By now, it’s no secret that the sixth-generation Ford Bronco has faced many production-related challenges since its launch. Those include supplier-driven hardtop woes that continue to plague the SUV, as well as a handful of Ford 2.7L V6 EcoBoost engine failures that are currently being investigated by the NHTSA. Ford has ditched certain features in an effort to speed up deliveries, but the 2022 Bronco and Ford Bronco Raptor both sold out rather quickly, and demand still far exceeds supply. Now, the Detroit Free Press is reporting that Michigan Assembly plant manager Erik Williams – who oversaw production of the Ford Bronco and Ford Ranger, is no longer with the company as of last Thursday.
It’s currently unclear what led to Williams leaving his position, as both he and FoMoCo have yet to comment on the situation. “We do not comment on individual personnel matters. However, we can confirm he is no longer with the company,” Ford spokesman Said Deep told the Free Press. Ford also hasn’t yet named a replacement for Williams, who has been employed by Ford since 2004.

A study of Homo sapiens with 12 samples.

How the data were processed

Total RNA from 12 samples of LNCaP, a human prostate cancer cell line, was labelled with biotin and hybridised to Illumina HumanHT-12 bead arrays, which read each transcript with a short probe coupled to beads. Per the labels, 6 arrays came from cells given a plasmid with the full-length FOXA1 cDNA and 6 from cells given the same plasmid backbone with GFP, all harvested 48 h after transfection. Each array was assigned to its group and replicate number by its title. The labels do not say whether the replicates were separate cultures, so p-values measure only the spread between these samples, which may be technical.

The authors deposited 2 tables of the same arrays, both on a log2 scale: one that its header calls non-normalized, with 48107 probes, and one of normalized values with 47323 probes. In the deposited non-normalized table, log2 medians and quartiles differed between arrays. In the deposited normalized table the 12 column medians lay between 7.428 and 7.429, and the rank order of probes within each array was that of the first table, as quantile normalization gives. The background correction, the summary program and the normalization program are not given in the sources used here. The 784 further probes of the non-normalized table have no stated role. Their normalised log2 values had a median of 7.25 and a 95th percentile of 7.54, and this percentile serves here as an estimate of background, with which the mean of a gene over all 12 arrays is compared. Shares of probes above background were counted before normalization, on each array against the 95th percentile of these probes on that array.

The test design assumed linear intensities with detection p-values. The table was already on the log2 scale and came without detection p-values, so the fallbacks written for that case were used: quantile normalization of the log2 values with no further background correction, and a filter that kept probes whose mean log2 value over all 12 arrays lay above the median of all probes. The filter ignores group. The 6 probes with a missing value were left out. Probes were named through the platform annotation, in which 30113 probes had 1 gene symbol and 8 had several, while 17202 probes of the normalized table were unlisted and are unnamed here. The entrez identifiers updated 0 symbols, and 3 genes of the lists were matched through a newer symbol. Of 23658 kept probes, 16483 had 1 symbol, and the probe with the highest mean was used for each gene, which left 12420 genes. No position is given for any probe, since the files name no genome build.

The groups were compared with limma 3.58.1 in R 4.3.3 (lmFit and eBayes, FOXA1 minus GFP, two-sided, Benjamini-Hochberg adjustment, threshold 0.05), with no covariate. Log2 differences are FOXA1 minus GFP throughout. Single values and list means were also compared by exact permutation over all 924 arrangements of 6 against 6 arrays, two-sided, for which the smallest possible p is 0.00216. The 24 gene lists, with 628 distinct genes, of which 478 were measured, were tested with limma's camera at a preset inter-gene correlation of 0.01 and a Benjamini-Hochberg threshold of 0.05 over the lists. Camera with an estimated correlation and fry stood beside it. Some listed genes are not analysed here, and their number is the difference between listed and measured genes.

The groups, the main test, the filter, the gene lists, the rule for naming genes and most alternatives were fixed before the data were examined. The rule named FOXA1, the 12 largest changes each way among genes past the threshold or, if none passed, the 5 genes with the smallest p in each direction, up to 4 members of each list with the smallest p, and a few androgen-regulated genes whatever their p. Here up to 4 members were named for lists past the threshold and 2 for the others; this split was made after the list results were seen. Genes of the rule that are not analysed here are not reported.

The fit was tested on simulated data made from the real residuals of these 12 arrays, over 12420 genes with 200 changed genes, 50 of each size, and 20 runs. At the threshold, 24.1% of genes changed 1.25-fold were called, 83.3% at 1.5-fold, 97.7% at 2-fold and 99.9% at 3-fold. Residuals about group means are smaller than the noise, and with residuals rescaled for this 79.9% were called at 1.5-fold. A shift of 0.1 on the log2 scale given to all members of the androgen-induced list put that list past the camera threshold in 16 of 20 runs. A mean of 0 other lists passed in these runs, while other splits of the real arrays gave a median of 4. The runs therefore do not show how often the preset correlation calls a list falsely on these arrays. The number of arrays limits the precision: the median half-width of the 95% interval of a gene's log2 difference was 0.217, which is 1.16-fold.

Ford’s Bronco-related engine and hardtop woes have only complicated the SUV’s launch amid numerous supply chain shortages and extreme demand over the past couple of years. From the day that Ford started taking reservations for the new Bronco, it was overwhelmed as its website crashed, and demand for the SUV quickly exceeded its production capacity. Today, roughly two years later, Ford is still trying to catch up on its existing Bronco orders.
At the same time, CEO Jim Farley has recently placed a major focus on quality, even going so far as to hire quality turnaround specialist and former J.D. Power Vice President Josh Halliburton as its new executive director of quality, who recently stated that the automaker’s quality issues will begin to subside as early as next year.